Historic Centre of Puebla
Historic Centre Of Puebla

In an untouched urban network, the Historic Centre of Puebla comprises major religious buildings such as the Cathedral Santo Domingo and the Jesuit Church, as well as superb palaces such as the host of old houses whose walls are covered in gaily coloured tiles (azulejos). Although 19th-century transformations resulting from the Reform Laws (1857) modified the urban landscape through the closing of many convents, they made it possible for Puebla to be endowed with high-quality public and private architecture.

Puebla and Cholula lie some 100 km east of Mexico City, at the foot of Popocatepetl, one of the highest volcanoes in Mexico. The two cities constitute the same type of colonial city/pre-Hispanic city combination as Oaxaca and Monte Albán further to the south.

The two cities, which are about 12 km apart, are very closely associated with the history of New Spain and Mexico. Cortés reached Cholula during the summer of 1519 and it was there that he ordered one of the bloodiest massacres of the entire conquest, with the number of victims among the population reaching between 3,000 and 6,000.

It was in Puebla on 5 May 1862, that General Zaragoza won the first significant victory over the French expeditionary corps. The city was subsequently renamed Puebla de Zaragoza in memory of this event of national importance.

The cultural heritage of Cholula and Puebla, which is of considerable interest, cannot be reduced to such simple definitions as an archaeological site or a historic centre.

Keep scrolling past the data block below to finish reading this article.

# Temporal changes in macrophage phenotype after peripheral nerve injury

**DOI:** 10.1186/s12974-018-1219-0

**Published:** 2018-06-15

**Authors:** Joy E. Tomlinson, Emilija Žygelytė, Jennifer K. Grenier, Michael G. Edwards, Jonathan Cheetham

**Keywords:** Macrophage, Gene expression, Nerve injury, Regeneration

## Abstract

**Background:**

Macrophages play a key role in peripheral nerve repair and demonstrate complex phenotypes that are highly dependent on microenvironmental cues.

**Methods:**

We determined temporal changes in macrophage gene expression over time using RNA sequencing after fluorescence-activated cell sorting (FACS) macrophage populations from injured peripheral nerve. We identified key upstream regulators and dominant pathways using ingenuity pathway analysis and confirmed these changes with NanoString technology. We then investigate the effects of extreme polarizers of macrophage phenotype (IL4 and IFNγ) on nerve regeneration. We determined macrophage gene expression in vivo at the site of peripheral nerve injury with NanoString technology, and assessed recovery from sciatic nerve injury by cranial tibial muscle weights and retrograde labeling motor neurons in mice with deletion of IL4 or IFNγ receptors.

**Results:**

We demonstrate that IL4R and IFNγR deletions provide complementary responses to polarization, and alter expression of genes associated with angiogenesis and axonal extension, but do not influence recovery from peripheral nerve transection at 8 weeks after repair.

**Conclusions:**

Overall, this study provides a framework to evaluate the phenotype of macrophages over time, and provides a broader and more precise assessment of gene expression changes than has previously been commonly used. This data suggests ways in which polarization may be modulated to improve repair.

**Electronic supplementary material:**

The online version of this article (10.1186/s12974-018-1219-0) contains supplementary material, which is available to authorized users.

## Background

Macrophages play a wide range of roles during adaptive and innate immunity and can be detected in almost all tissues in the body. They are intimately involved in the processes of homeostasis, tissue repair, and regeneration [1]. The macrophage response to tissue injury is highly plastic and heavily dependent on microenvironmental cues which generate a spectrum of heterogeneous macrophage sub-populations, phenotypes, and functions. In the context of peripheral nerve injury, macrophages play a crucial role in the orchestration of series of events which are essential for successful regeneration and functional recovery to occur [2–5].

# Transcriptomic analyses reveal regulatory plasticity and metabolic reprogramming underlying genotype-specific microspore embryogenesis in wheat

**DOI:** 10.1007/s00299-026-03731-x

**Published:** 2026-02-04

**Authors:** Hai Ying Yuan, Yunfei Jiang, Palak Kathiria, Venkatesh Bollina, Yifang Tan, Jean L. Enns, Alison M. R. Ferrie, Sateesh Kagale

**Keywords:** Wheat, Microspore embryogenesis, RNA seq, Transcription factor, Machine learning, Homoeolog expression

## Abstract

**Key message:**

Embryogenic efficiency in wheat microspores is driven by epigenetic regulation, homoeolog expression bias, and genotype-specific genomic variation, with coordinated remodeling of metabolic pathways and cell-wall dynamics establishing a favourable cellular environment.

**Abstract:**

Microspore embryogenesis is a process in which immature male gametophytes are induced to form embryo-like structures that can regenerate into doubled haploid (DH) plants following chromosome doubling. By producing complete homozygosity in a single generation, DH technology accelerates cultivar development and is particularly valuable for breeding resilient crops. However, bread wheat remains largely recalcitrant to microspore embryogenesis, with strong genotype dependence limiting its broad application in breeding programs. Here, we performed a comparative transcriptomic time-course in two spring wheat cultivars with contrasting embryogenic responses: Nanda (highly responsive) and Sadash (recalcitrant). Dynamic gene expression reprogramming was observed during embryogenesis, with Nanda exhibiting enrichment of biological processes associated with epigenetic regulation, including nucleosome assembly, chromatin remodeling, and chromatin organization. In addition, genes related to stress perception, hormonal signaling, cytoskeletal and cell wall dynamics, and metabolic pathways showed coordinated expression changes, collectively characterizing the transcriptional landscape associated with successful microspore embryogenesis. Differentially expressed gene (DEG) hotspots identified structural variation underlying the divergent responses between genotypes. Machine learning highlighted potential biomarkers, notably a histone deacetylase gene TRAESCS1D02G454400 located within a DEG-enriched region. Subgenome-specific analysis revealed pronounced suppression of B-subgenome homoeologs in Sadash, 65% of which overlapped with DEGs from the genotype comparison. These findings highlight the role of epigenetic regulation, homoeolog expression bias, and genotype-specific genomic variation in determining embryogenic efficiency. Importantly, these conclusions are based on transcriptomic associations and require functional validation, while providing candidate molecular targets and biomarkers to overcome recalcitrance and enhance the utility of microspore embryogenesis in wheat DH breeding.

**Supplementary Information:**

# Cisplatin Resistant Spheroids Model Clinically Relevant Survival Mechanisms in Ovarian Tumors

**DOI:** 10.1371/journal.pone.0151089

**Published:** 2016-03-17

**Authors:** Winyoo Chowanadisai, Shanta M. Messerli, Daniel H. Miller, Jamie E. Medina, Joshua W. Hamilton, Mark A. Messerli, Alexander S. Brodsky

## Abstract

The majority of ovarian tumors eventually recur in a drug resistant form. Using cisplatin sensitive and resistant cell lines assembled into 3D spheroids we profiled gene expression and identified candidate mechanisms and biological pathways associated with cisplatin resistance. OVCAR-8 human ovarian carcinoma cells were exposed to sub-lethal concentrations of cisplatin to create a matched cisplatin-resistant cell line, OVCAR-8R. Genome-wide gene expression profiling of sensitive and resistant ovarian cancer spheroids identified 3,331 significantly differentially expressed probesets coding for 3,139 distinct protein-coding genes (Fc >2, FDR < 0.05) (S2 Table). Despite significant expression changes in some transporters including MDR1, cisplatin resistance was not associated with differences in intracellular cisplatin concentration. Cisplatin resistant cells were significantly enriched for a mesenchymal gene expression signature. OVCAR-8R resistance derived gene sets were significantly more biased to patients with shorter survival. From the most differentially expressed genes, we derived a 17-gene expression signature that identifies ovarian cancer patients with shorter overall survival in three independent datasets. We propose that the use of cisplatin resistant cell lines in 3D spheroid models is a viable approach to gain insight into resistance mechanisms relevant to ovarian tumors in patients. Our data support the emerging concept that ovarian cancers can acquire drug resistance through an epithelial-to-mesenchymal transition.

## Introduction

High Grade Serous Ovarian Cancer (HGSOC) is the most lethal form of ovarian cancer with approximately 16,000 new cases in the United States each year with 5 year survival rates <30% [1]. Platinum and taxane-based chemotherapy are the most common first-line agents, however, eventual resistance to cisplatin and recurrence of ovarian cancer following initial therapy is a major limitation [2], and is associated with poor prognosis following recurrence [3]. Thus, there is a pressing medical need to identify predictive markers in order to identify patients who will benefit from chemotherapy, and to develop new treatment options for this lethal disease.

In Cholula the Spanish city was built on the ruins of the temples which were burnt during the massacre of 1519. Legend has it that the Spaniards, by building a church on the site of each temple, founded a total of 365 churches, one for each day of the year. This is clearly an exaggeration, but the church of San Gabriél, which the Franciscan began building in 1549, lies in fact on the site of the Quetzalcoatl Sanctuary, and Nuestra Señora de los Remedios, which was built in the 18th century at the very top of the enormous acropolis-pyramid clearly illustrates an unbroken historical continuity stretching from pre-Hispanic times to the present day.

In Puebla, the urban layout of the 'Ciudad de los Angelos', founded ex nihilo in 1531, has been greatly extended into the Cuetlaxcoapan valley. It is becoming increasingly difficult to distinguish the original historic city from the highly industrialized (steelworks, mechanical constructions, canning factories) conurbation of over 1 million inhabitants, and the balance between the new city and the old Indian city has been lost for good. Cholula now appears to be just a western suburb of Puebla and it is bound to merge with the state capital in the medium term, even if the two communities remain district.